Loc: Somewhere on the planet,I hope
As things go around a lot of stuff comes through my e mail and I found this bit that went to Fish Program's Jim Scott. Now it is about the open meetings act and WDF&W's desire to usually ignore it. Back up to the Cabezon bit on the North Coast or just the normal out of site negotiations with commercials. My PDRs produced a lot of documents with the commercials more or less helping staff figure out their seasons. Again many feel this violates the open meeting laws. Now it gets really interesting when you realize the same applies to meetings with the Quinault Nation regarding setting seasons. So read away and draw your own conclusions but I think WDF&W is about to have some more legal problems.
So here is the C&P:
Below a news article about a judge's recent ruling citing the Liquor Control Board for violations of the open meetings law by holding meeting with local officials and stakeholders behind closed doors out of the public's view as it develops WACs. My reading of the article finds the court ruling aligns with our long-stated position that the Dept's historical used of "advisers" and meetings with officials and advocates with a stated interest outside public view while engaged in a rule making process is contrary to the standards of transparency. I further point to the adoption of emergency rules at the request of one or more of these "advisers" which has been a common practice of the Department. Then, right beside those two actions comes meetings, etc. behind closed doors with tribal co-managers wherein the public is again blocked from view during the decision making process.
Since the Department has been delegated the decision authority on season setting from the Commission, it is the decision making entity as were the Liquor Control Board members in this instance and the ruling is applicable in my view as follows: RCW 42.30.030 All meetings of the governing body of a public agency shall be open and public and all persons shall be permitted to attend any meeting of the governing body of a public agency, except as otherwise provided in this chapter. RCW 42.30.020 (1) "Public agency" means:
(a) Any state board, commission, committee, department, educational institution, or other state agency which is created by or pursuant to statute, other than courts and the legislature; (2) "Governing body" means the multimember board, commission, committee, council, or other policy or rule-making body of a public agency, or any committee thereof when the committee acts on behalf of the governing body, conducts hearings, or takes testimony or public comment.
When promogating policies, rules and setting seasons, it is my view that the open meeting law applies the Director and Fish Program staff.
I only seek to share information of potential interest. No response to this communication is requested.
Judge: Liquor board broke open meetings law By GENE JOHNSON Associated PressNovember 3, 2014
SEATTLE — The Washington Liquor Control Board broke the state's open public meetings law 17 times as it began working on rules for the recreational marijuana industry, a judge ruled. Thurston County Superior Court Judge Christine Schaller issued the ruling Friday in a case brought by Arthur West, a critic of the legal pot law. The judge said that although the board broke the law, it didn't take any actions at the meetings that would warrant throwing out the marijuana rules it eventually adopted.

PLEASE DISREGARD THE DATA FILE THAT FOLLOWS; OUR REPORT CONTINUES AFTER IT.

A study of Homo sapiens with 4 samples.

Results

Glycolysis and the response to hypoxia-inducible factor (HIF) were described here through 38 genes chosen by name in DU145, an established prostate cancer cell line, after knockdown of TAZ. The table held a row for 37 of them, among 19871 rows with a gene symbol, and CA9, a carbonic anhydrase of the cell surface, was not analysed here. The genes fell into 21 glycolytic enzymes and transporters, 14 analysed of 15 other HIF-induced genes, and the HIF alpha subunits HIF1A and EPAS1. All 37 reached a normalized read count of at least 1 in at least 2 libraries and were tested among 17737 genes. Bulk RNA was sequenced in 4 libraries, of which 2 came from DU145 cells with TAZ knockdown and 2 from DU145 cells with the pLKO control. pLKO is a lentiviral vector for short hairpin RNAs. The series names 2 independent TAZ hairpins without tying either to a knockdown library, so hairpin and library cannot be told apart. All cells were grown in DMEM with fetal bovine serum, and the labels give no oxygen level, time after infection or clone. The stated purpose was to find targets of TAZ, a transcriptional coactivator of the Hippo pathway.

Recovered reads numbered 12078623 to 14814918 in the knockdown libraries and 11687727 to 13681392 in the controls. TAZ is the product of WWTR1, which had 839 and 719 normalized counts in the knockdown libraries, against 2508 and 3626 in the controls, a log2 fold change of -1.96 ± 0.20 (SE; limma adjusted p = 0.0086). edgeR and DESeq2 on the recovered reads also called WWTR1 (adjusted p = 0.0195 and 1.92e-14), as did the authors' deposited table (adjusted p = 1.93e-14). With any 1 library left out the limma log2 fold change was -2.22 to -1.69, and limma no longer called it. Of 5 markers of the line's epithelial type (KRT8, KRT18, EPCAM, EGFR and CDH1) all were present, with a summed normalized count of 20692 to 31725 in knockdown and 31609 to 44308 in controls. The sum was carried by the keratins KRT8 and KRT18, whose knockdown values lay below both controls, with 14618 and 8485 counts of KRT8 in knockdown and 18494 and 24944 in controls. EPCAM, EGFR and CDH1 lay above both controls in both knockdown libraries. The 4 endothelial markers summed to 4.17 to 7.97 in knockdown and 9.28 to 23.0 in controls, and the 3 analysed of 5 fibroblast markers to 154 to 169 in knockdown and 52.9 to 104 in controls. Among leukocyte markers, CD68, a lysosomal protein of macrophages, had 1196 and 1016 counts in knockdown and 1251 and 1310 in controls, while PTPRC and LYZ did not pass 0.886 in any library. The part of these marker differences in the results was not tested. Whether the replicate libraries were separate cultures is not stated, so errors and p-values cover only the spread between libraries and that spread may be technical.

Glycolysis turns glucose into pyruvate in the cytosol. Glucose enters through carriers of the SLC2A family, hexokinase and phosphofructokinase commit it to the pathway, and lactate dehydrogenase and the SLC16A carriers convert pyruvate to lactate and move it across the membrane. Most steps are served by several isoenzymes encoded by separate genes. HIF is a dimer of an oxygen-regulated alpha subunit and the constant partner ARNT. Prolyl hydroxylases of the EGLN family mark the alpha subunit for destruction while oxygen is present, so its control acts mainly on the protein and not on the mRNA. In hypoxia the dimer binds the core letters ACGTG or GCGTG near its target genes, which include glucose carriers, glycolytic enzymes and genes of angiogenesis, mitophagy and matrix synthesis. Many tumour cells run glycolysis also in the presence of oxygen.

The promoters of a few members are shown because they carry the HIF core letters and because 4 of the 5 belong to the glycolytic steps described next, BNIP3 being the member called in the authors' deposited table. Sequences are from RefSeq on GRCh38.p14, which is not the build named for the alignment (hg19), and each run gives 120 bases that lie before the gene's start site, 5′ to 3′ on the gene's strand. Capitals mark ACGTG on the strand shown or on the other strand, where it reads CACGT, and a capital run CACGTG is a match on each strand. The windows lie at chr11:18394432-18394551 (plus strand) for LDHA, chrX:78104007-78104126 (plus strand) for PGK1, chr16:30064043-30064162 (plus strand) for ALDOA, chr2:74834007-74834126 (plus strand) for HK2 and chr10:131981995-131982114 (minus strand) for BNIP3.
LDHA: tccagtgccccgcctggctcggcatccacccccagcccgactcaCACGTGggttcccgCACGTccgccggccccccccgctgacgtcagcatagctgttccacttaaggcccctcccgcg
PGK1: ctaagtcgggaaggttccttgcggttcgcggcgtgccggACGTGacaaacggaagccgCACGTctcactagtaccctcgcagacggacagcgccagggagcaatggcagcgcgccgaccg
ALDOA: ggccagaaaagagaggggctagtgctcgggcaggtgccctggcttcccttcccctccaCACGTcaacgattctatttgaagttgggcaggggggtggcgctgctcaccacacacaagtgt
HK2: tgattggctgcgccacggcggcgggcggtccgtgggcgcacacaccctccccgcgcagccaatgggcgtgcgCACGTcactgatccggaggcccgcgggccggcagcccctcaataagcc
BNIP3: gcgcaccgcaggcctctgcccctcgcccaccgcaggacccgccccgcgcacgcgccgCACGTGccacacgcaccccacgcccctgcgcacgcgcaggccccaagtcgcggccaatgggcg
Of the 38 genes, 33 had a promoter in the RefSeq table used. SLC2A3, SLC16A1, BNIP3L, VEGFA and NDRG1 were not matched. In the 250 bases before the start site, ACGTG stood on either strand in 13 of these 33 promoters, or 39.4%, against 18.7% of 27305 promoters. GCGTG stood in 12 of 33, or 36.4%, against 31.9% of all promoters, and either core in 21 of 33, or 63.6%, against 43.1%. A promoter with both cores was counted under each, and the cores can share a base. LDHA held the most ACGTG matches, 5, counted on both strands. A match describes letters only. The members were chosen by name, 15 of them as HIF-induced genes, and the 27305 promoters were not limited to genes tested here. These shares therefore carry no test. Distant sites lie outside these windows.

The meetings at issue came in the first three months of 2013, soon after voters approved Initiative 502. As the three board members — Sharon Foster, Chris Marr and Ruthann Kurose — traveled around the state holding public hearings about the legal marijuana rules, they also sometimes met quietly with local police, officials and prevention groups.
"In the early months following passage of I-502, there were many questions about what legalization meant for local communities," board spokesman Brian Smith said in an email Monday. "When Board members traveled around the state to hold public forums, they took time to meet with representatives of local government, law enforcement and the prevention community, typically at their request. At these meetings, LCB staff shared the proposed timeline for implementation, explained the process the agency would use for gathering feedback and Board members listened to any concerns."
West said the private nature of the meetings obscured the information the board was working with as it developed the rules, which covered nearly every aspect of the new legal pot industry, from what constitutes a serving size of marijuana to what sorts of security systems licensed pot businesses must have.
"The rest of us didn't get to participate in those meetings or find out what was said," West said. The judge said she would hold a hearing later this month about whether the board members broke the law knowingly. If they did, the board members could each be liable for penalties of $100 per violation, said Michele Earl-Hubbard, a Seattle open-government attorney who is not involved in the case. Judges around the state have been reluctant to void actions taken by agencies over violations of the open meetings act, Earl-Hubbard said. "It doesn't incentivize anybody to follow the law," she said.